Obama's Passover shadowed by criticism from Israel group

The Israel Project, an organization that backs Israel through direct engagement with the media, said the administration has not done enough to engage in rapprochement with Israel to ease tensions between the two nations.

The group has urged its supporters to write members of Congress in a fundraising e-mail and launched a television ad campaign in the Washington, D.C. area.

"There are still some substantive issues that need to be addressed and we still have some concerns," Jennifer Mizrahi, president of The Israel Project, said in a phone interview.

President Barack Obama was widely seen as snubbing Israeli Prime Minister Benjamin Netanyhau during the latter’s visit to Washington last week.

Netanyahu’s visit to the White House included neither a press conference nor a photo opportunity, which usually occur when a foreign head of state visits America.

Obama also reportedly left his meeting with Netanyahu to eat dinner in private, something viewed as a major snub in Israel.

"The prime minister leaves America disgraced, isolated and altogether weaker than when he came,” the Israeli daily newspaper Ha’aretz, which leans to the left, wrote last week.

Obama was upset over Israel’s announcement earlier this month that it was constructing new settlements in East Jerusalem, which Israel claims as part of its capital but the Palestinians want as a capital city for a future state. The announcement was made during a visit to Israel by Vice President Joe Biden.

The timing reportedly angered Obama, who saw it as a slap against his administration. In order to restart stalled peace negotiations between the Israelis and Palestinians, the U.S. has requested that Israel put a blanket freeze on settlement construction in Palestinian territories.

The historic diplomatic tiff has spilled over into the Passover holiday, which begins Monday night. President Barack Obama and some members of his staff will also participate in a traditional Passover meal, called a "Seder," at the White House Monday night.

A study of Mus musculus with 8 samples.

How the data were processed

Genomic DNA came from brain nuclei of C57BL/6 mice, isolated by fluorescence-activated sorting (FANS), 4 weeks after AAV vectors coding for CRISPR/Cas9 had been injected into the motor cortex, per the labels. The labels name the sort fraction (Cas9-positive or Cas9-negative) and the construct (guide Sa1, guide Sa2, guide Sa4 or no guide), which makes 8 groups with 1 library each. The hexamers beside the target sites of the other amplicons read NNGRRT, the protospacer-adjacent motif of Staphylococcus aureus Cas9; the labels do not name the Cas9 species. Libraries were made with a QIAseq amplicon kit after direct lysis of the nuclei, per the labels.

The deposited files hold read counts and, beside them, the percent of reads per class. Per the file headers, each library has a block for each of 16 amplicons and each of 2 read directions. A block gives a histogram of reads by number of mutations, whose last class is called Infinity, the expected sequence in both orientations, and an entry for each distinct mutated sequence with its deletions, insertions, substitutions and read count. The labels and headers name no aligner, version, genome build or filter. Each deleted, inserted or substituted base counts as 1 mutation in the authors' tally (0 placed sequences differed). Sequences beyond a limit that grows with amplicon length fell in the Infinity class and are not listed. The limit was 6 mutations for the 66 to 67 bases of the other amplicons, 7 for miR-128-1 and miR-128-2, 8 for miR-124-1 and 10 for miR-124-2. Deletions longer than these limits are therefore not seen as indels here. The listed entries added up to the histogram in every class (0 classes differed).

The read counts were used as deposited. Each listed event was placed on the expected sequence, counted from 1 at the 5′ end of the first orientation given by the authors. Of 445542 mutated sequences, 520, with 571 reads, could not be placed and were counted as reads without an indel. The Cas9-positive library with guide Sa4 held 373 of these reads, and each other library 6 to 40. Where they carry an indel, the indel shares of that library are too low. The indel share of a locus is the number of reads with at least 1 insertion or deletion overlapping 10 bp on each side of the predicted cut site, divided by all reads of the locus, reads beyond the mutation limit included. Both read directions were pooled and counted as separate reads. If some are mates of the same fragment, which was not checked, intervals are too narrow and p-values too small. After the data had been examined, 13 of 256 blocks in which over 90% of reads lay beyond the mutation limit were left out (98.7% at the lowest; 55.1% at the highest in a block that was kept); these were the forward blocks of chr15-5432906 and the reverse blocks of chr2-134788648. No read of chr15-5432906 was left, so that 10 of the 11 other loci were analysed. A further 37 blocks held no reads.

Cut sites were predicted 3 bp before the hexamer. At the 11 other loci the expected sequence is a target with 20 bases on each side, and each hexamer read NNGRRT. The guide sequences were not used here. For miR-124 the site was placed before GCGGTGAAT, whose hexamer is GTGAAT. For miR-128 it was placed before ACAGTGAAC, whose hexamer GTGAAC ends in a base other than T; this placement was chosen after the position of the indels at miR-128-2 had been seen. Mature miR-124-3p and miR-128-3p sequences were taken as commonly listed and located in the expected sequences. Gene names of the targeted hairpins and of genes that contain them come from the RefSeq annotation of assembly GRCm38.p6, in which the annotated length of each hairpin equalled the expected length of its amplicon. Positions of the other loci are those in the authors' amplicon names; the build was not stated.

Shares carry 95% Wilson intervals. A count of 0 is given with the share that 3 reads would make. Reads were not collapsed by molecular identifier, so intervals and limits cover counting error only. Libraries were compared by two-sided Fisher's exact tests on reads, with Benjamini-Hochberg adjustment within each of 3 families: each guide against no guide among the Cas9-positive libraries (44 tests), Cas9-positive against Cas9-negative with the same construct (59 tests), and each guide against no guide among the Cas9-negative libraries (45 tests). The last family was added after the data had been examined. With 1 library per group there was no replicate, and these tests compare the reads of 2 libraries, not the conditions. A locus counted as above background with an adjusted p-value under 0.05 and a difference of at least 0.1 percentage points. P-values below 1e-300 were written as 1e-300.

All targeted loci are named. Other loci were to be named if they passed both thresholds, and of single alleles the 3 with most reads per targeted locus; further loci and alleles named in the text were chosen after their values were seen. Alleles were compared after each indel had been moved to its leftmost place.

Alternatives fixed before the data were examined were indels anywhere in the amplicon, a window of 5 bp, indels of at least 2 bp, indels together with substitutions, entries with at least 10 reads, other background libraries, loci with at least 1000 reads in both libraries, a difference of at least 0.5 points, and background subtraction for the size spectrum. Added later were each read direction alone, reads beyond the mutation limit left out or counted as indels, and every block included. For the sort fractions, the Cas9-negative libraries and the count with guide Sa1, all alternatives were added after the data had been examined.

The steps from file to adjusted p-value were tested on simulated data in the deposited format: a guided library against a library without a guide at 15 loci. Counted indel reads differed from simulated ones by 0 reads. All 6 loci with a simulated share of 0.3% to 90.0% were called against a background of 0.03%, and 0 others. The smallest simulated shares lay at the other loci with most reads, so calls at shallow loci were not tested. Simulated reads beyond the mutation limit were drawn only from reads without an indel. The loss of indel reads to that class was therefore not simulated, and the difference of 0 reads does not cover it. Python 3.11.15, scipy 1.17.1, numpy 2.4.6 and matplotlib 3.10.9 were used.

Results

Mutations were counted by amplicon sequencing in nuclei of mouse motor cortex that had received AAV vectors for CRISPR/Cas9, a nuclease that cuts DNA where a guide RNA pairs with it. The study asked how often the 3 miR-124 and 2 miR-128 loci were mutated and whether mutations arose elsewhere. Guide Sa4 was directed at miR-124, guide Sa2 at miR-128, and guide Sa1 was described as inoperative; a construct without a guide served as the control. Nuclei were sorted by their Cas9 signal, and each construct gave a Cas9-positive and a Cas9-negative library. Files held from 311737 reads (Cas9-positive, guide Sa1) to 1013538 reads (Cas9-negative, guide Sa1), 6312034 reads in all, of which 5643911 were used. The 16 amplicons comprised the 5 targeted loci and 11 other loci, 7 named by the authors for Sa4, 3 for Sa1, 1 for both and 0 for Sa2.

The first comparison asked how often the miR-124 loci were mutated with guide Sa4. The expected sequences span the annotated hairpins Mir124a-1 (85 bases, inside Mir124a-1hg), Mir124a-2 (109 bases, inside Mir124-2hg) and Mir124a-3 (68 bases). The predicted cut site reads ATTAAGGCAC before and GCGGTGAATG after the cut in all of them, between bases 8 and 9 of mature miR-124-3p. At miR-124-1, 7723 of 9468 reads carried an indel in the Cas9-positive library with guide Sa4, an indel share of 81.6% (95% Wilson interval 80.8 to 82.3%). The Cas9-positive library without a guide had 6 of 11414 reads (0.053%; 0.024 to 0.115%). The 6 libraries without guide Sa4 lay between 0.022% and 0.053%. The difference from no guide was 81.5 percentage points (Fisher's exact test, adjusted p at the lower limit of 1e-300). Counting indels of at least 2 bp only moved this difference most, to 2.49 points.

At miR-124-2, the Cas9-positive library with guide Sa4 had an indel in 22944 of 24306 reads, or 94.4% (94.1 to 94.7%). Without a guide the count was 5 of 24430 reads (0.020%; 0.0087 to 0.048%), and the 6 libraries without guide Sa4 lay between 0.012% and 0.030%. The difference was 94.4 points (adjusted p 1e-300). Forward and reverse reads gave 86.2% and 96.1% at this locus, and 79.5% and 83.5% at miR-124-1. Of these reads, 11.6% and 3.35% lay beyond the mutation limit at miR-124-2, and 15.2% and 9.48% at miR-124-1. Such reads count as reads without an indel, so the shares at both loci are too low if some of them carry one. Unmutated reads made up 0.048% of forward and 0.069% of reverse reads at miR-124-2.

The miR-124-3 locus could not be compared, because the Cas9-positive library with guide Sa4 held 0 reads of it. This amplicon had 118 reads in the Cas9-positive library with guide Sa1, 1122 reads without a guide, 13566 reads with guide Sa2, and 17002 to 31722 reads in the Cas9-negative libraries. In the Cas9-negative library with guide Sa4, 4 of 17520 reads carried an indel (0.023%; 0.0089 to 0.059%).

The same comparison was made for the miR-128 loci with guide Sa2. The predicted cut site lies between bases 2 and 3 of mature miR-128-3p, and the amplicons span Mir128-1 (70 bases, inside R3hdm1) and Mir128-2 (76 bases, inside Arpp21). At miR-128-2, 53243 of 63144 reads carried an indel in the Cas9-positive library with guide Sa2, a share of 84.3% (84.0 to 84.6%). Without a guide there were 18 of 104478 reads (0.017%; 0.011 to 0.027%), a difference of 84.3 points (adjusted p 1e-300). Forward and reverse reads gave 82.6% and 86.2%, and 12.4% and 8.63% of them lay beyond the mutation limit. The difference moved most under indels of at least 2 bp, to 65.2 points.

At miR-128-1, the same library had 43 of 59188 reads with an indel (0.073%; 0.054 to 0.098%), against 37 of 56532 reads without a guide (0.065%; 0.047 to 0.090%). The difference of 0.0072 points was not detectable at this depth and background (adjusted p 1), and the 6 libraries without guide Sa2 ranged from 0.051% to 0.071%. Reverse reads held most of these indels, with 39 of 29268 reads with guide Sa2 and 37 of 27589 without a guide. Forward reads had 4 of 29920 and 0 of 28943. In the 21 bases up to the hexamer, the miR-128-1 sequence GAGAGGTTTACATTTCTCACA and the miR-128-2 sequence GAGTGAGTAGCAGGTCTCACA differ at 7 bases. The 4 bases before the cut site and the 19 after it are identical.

On Passover, Jews commemorate the ancient Israelites’ exodus from slavery in Egypt to freedom in what is now Israel.

The Israel Project’s fundraising is a norm for Passover, when many Jewish and pro-Israel groups schedule public campaigns. But the timing was also notable because of the tiff between Obama and Netanyahu, who is scheduled to return to the United States on April 12.

Mizrahi said that the U.S. had placed almost the entire onus on the Israelis for announcing the new settlements but said that the government failed to put enough pressure on the Palestinians for dedicating a public square to Dalal Mughrabi, a Palestinian who killed 37 people in a 1978 terrorist attack.

“We believe there should be a fairer [sic] pressure of the parties,” she said, especially when it comes to condemning the “Palestinian culture of hate.”

Obama and Biden have both said that the U.S. stands behind the Israel's continued security.

At the same time, Mizrahi called the settlement announcement "very regrettable" but that "nobody was looking to embarrass the vice president."

To underscore the heightened nature of the dispute, Mizrahi said she will meet with “high-ranking” administration officials to discuss her concerns before Netanyahu’s arrival.

Mizrahi said the group’s television ads will run on cable networks such as CNN, Fox News and MSNBC in the Washington area at least 500 times and will likely be expanded once donations flow in. She said that cost of the ad buy is "significant" but would not discuss specifics.

Netanyahu on Monday sought to downplay suggestions of new tensions with the U.S.

“The relationship between Israel and the U.S. is one between allies and friends, and it’s a relationship based on years of tradition,” he said, according to The Associated Press. “Even if there are disagreements, these are disagreements between friends, and that’s how they will stay.”

Administration officials have publicly echoed Netanyhau's words.

Netanyahu previously has insisted a local municipal government made the announcement, and that it was without his knowledge. He later apologized for the announcement.

The issue is a tough one for the Israeli prime minister, whose fragile governing coalition is partially held together by right-wing political parties that favor settlement expansion.

When she meets with the White House, Mizrahi said bluntly she would relay the position of Netanyahu's coalition.

"We want to be sure that the administration understands that the unprecedented freeze in the West Bank [is tough for the Israelis]," she said adding that her group does "not consider the East Jerusalem, the capital, to be a settlement."

Palestinians say that Israel is continuing to build settlements on land in land they consider theirs and want to use to build a future state.